Directed by Ben Wheatley
A crime drama set in 1970s Boston, about a gun sale which goes wrong.
almost as unraveling and incoherent as high rise, only more compressed and much more satisfying. does for guns what mad max fury road did for cars
and A24 + brie larson remain maybe my new favorite cinematic collaboration
★★★★ review by Evan on Letterboxd
TIFF 2016 Film #23
If you would have told me a Ben Wheatley film would be one of my favorite films from TIFF, I'd give you this look. Wheatley's filmography that I've seen hasn't exactly worked out for me. But Free Fire is a different story. I pretty much loved this movie! Between the great cast, the hilarious banter between characters, and the crisp gun fights I had a blast!
The cast is seriously awesome; they're all so funny. Especially Sharlto Copley. He was absolute gold in this film. This is the first time I've liked Armie Hammer since The Social Network. I really loved Brie Larson! I've never seen her do a role like this, and it turned out to be awesome!
I might have to go back and give Sightseers and High-Rise another chance.
Also, can we all just admire how awesome this poster is?
★★★½ review by Andre de Nervaux on Letterboxd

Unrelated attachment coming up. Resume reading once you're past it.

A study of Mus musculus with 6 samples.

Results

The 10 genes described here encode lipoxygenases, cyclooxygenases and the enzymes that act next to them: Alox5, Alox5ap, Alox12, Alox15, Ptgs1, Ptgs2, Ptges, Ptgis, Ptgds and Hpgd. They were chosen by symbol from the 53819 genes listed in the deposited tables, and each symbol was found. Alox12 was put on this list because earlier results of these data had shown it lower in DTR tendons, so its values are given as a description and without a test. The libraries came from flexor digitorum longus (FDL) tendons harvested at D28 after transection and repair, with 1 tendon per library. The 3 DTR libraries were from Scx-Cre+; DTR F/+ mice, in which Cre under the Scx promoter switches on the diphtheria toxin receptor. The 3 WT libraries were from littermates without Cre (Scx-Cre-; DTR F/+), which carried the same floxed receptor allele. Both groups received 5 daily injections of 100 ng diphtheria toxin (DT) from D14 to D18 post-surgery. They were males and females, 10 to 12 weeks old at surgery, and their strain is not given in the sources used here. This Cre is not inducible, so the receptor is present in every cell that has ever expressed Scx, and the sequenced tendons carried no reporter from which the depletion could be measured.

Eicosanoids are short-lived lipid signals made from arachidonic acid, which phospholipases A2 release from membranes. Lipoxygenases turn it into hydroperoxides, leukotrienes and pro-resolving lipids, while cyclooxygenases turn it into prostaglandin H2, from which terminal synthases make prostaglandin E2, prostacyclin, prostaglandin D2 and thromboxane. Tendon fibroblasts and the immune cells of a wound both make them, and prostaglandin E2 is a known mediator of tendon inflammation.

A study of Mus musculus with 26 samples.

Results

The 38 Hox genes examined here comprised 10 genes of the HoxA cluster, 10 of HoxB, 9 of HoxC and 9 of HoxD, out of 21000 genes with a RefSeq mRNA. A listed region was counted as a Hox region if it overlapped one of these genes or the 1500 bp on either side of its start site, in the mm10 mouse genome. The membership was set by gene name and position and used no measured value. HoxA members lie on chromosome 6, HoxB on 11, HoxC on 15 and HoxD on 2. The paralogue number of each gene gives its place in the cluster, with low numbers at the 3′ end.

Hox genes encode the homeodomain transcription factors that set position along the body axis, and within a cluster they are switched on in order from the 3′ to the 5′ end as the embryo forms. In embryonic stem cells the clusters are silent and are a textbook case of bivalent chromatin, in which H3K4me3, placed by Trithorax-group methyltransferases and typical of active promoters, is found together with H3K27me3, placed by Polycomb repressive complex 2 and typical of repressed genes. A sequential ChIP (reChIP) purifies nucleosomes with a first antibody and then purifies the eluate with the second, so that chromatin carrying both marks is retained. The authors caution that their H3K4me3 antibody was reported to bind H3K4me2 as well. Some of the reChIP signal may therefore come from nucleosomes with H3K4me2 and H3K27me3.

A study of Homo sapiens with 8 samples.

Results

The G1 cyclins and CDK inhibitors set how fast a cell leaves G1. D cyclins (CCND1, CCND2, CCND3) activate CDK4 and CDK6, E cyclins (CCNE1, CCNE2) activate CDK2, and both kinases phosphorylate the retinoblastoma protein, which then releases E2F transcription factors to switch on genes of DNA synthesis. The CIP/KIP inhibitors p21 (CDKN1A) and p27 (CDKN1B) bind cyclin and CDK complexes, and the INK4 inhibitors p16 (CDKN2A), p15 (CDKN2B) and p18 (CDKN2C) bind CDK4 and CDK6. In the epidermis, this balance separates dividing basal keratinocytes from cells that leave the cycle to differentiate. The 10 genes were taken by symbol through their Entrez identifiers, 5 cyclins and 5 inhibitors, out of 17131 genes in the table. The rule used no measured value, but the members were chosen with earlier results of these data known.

1970s style brie larson? yep she's hot
★★★½ review by Luke on Letterboxd
I would've taken every single one of those bullets for Brie Larson. Know that.
★★★★ review by Jonathan White on Letterboxd
Reason for pick – Lise for some reason won’t give up on Wheatley. ( it paid off this time )
Free Fire is simply a glorious riot.
Out of the gate, while the stylish credits role, it has the tone of Tarantino, and what follows is akin to Kill Bill’s 20 minute fight scene, except with badly aimed bullets and four times the length. This is a film that firmly believes that it’s really difficult to get wounded to death, except for the inevitable septic shock that apparently happens in one hour and thirty .. conveniently the runtime of the film. (Apparently you can don cardboard to protect against such a fate )
Laughs are hearty and frequent; smart and sometimes dumb – but never base. Somehow the running (then limping, then crawling) between places of safety never seems to wear out its welcome. Pulling something like this off credits Ben Wheatley’s abilities to control pace and timing and wrap it with witty dialogue with the net result of keeping the audience engaged when there’s nothing much else going on than a dozen characters shooting at each while limited to a single set.
I knew I was going to love it, though, when at the beginning one of the characters was described as, in voice over, that he was mis-diagnosed as a child prodigy, and never got over it.
Also, probably the best use of John Denver in a movie soundtrack ever.